The winter solstice, also known as Yule, is the longest night and the shortest day. The previous Neo-Pagan festival, Halloween/Samhain, was a celebration of death in the sense of the old dying out. Yule celebrates the coming (though not yet arrival) of the light. In assessing the past year without judgment, you can let go of what you no longer need to worry about and prepare for what you still need to achieve.

Light in the Darkness

Yule is the time to focus on bringing light and warmth into the cold and darkness of winter. It’s written that the winter solstice was a time to celebrate getting through the worst part of winter, when the life-giving sun was at its weakest. Indigenous people were closer to the land than most of us are and understood that their survival depended upon the strengthening of the sunlight to make crops bountiful later in the year. There was probably also a psychological celebration of light and warmth coming back, since the days would have had more and more darkness building up to the solstice.

The conveniences of modern life have made us forget the dependence we have on the sun for survival, so the winter solstice is a chance for us to appreciate the light and warmth that always returns to sustain existing life and grow new life. This is true on a psychological level as well. When working through a painful growth process, it can sometimes feel like there’s no end to the darkness. You have to keep trusting that the warmth and light will eventually come into your life through inner peace, greater fulfillment, and better relationships.

Yule is a time to think about what brings light into the darkness of winter. If you’re fortunate enough to have family and friends that are truly loving, supportive, and accepting of you, they can help you through the darkness of winter. Life’s small pleasures, like what you do to relax from stress, can also bring you warmth. Worry over the future can really be a downer during winter with your grey mood exacerbated by the grey weather. It helps to focus on where you want to be rather than on where you think you are. You might as well move forward and trust that things will work out than stay stuck in worry.


Owl and snake against snowy sunrise

“Winter Solstice 2014”


Creative Commons License “Winter Solstice 2014” by Rainbow Gryphon is licensed under a Creative Commons Attribution-NonCommercial-NoDerivs 3.0 Unported License.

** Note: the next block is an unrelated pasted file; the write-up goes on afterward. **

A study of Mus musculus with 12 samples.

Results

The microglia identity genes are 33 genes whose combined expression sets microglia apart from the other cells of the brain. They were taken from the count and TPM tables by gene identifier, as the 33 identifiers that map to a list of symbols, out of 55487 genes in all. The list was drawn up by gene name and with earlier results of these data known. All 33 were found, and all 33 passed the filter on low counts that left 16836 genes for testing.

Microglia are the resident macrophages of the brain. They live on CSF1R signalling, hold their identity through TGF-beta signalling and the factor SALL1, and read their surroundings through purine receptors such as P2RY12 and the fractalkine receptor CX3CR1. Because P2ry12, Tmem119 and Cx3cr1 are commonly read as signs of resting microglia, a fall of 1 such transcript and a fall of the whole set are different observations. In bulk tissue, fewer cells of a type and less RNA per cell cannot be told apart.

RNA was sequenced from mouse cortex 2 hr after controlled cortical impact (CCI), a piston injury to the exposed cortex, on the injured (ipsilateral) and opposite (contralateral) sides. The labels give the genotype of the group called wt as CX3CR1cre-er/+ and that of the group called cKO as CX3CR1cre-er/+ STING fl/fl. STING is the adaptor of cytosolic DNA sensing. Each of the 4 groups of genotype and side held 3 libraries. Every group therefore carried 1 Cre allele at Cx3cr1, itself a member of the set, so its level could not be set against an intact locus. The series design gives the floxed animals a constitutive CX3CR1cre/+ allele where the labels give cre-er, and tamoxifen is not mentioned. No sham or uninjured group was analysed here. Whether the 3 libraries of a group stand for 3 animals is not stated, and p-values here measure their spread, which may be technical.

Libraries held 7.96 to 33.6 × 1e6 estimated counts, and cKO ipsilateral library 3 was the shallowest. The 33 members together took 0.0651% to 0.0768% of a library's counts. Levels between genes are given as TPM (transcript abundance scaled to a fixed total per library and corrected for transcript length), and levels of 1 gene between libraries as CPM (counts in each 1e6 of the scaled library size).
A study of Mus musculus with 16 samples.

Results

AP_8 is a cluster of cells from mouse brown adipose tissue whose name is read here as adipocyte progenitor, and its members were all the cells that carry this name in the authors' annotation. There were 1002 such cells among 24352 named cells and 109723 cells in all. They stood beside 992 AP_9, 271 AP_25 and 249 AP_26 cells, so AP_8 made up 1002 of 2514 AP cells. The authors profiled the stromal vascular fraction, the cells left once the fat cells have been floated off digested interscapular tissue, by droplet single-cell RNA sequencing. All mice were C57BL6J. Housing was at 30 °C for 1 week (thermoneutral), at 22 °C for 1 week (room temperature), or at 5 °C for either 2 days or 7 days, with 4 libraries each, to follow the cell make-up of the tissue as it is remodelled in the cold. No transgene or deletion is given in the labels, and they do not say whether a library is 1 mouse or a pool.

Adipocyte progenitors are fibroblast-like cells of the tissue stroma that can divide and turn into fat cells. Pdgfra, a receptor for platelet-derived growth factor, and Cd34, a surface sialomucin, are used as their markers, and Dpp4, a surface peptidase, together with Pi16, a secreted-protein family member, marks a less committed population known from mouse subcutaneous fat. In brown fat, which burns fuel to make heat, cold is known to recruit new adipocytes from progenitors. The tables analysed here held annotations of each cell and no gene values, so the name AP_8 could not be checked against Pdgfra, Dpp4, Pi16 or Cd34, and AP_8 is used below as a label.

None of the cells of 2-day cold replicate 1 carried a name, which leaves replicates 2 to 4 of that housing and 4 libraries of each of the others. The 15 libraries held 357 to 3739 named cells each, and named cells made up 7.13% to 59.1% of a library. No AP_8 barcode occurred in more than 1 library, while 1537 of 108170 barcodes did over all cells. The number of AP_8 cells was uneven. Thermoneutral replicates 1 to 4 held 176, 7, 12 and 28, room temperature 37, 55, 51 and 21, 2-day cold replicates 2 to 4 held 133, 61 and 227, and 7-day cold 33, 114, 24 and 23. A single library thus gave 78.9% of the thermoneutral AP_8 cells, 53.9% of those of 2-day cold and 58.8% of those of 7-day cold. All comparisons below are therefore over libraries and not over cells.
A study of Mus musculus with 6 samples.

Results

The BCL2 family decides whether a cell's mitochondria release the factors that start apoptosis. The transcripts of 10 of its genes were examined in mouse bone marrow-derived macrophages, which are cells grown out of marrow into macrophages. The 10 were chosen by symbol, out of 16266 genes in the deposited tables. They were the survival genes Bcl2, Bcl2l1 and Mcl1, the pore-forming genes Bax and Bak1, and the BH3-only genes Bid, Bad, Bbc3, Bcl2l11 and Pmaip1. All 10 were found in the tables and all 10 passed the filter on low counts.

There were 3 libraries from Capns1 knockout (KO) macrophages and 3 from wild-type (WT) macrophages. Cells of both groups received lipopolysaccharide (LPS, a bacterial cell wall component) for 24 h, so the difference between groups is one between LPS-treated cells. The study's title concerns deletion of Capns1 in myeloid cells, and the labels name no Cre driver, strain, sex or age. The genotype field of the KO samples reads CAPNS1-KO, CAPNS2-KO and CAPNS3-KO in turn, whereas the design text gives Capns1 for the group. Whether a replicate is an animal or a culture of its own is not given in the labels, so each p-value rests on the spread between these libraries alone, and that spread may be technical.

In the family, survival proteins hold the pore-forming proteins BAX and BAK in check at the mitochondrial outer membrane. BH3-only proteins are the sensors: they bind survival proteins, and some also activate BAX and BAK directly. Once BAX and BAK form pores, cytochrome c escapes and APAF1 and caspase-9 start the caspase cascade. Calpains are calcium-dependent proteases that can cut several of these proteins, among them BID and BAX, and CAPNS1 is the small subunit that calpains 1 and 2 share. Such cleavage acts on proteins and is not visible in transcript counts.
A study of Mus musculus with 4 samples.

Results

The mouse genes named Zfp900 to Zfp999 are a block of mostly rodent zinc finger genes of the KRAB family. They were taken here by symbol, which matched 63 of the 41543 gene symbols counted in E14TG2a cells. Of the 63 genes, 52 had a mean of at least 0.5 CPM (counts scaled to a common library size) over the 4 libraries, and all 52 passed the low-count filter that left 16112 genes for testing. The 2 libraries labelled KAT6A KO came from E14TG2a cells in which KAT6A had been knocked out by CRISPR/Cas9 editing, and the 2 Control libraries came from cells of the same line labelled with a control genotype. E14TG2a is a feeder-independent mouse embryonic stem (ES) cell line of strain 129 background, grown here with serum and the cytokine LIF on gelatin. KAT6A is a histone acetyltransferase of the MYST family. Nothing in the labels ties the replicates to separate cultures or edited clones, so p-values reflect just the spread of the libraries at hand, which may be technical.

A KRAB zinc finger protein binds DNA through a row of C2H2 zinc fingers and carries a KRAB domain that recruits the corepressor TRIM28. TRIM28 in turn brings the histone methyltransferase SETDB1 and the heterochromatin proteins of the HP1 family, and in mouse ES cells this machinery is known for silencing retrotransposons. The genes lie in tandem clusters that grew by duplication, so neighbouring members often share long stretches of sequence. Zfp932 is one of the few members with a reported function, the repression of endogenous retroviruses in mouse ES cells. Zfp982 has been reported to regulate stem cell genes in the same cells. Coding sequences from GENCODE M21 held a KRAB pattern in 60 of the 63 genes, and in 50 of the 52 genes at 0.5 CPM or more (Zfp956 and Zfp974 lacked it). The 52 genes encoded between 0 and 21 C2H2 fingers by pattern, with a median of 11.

Snow background from Angie Farr (rubyblossom)
Sunrise from James Cooper
Owl from Christoph F. Robiller
Snake from W. A. Djatmiko



The winter solstice is also a symbol of the death and rebirth process that we experience throughout our lives, over and over again. During Halloween/Samhain, there was a focus on the old dying out to make way for the new. It’s not yet time, though, to bring in the new (that happens in the spring) because rebirth requires long preparation. That’s the process that begins at this point in the cycle of the year.

Yule is a natural time to reflect on the past but without getting sucked into regrets or self-condemnation. Death is for letting go for good, not for reprimanding yourself over what you (or others) think you should or shouldn’t have done. You can imagine you’re an anthropologist instead, simply taking note of what happened, what you accomplished, and what you didn’t accomplish. Then you can identify what’s left over for you to achieve in the coming year. It’s a time to take a roll-up-your-sleeves approach to the yet-to-be accomplished.

Preparing for Rebirth

Finally, the winter solstice is a time to prepare the groundwork for planting seeds of action that will blossom in the spring. This is where goal-setting comes in. I think too many of us fall short on these because we expect too much of ourselves too quickly. Assessing the past year helps with that because you can get more realistic about the goals for the coming year.

Understanding the reasons behind your goals is also an important key to achieving them and maintaining integrity in your life. Goals do you little good in the long run if they’re not in harmony with what you really want to give. I think using the word want is really important here. Too often, we make assumptions about what we can give without really reflecting on whether it’s what we want to give. And if it’s not then we need to figure out what’s stopping us from giving what we want to give.

Rather than dive right into new year’s resolutions for the coming year, first reflect on, and even write down, the major experiences and achievements from the previous year. If there’s something you’d hoped to achieve and didn’t, you can write that down too. Then you can do a visualization of where you want to be, not necessarily in the coming year but in general. From here, you can think about things you want to shoot for in the new year, leaving yourself open for the unexpected. There doesn’t have to be any anxiety over what you did or didn’t do or what you absolutely must achieve in the coming year. It’s more about listening to the rhythm of life and making sure you’re moving with it and not against it.